A MAKEUP artist has slammed Boots for placing security tags on afro hair products and not those aimed at European people.
Natasha Wright filmed the shelves of a Wembley store, recording her outrage at the stark difference in the way that haircare items aimed at white people and those aimed black people had been treated by staff.
Wright said that while it was “really nice” the brand had embraced black haircare, she was really disappointed in the company.
In her video, Wright filmed several shelves in Boots’ Wembley High Road store, capturing a number of the major brands including L’Oreal, Aussie and Garnier – none of which were tagged. When she reached the black haircare section, where brands such as Cantu and Shea Moisture were stocked, security tags were clearly visible on the products.
Outraged at what she was witnessing, Wright said: “Bold as anything, black haircare, why has everything got a bug on it? What are you trying to say Boots?”
One item, which appeared to be Cantu edge stay gel which retails for £6.99 in Boots, was placed inside a secure plastic case that could only be opened by a member of staff.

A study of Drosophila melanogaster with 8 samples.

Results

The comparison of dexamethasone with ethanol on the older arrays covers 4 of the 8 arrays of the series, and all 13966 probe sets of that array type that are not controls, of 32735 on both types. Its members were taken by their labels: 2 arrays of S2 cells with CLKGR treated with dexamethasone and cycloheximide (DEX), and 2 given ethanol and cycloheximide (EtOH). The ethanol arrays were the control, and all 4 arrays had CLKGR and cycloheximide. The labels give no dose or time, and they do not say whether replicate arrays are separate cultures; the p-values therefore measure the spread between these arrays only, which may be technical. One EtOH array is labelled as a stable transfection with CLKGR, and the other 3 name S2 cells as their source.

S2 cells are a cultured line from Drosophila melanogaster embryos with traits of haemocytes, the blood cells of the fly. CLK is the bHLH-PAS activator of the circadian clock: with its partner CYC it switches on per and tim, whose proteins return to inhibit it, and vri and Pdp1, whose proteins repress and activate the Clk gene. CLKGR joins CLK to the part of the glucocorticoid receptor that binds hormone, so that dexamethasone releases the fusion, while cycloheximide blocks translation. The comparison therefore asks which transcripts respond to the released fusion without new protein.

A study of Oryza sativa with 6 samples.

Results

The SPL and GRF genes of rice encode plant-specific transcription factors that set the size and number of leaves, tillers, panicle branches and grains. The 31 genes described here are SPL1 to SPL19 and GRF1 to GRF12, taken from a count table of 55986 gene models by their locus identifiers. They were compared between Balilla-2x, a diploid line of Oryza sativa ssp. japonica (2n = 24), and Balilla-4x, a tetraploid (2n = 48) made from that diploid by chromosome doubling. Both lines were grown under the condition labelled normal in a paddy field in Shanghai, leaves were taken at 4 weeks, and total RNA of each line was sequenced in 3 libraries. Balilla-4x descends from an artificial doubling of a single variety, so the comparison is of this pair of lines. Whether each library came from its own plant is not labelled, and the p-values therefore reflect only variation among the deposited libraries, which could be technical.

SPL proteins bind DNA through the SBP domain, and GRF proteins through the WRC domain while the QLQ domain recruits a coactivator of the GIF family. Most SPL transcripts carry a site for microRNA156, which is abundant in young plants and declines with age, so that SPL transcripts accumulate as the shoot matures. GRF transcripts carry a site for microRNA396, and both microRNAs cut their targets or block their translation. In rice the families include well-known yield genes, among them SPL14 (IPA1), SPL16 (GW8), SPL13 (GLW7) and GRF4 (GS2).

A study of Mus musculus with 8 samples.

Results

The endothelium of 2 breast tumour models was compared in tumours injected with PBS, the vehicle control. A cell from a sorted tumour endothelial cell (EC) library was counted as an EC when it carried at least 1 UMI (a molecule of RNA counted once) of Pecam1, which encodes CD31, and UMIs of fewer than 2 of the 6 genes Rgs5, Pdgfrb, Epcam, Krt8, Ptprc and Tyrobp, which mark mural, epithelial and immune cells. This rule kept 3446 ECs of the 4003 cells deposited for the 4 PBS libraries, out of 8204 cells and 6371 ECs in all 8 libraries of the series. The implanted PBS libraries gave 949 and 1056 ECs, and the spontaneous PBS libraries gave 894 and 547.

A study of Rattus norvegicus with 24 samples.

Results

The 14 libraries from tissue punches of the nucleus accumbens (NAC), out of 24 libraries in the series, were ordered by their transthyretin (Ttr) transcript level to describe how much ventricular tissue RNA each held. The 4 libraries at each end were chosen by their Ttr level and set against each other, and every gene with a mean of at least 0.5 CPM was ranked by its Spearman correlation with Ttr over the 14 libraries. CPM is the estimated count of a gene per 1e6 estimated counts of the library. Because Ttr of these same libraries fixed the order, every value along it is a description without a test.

Wright said: “Now at the end of the day, we’ve had our black hair care on our normal streets of London in our black hair shops none of their products have been bugged. So why the hell Boots are you bugging black haircare? If you think we’re going to be coming into your stores stealing, don’t bother to stock it, stick to what you know best, don’t come and insult us Boots.”
In a caption posted alongside the video on Facebook, Wright wrote: “As a person of colour, it’s a wonderful thing when we can do a beauty shop all in one place, it makes you feel included. Now to all of you out there that don’t know, the UK black hair industry is worth an estimated £88 million, with black women on average spending three times more than white women on hair care, so to be made to feel like second class citizens is an absolute travesty.”
The Sun reported Boots said: “To prevent theft our colleagues add security tags to the products they believe are being stolen. They do this regardless of what the product is, the cost of it, or which aisle they are on.”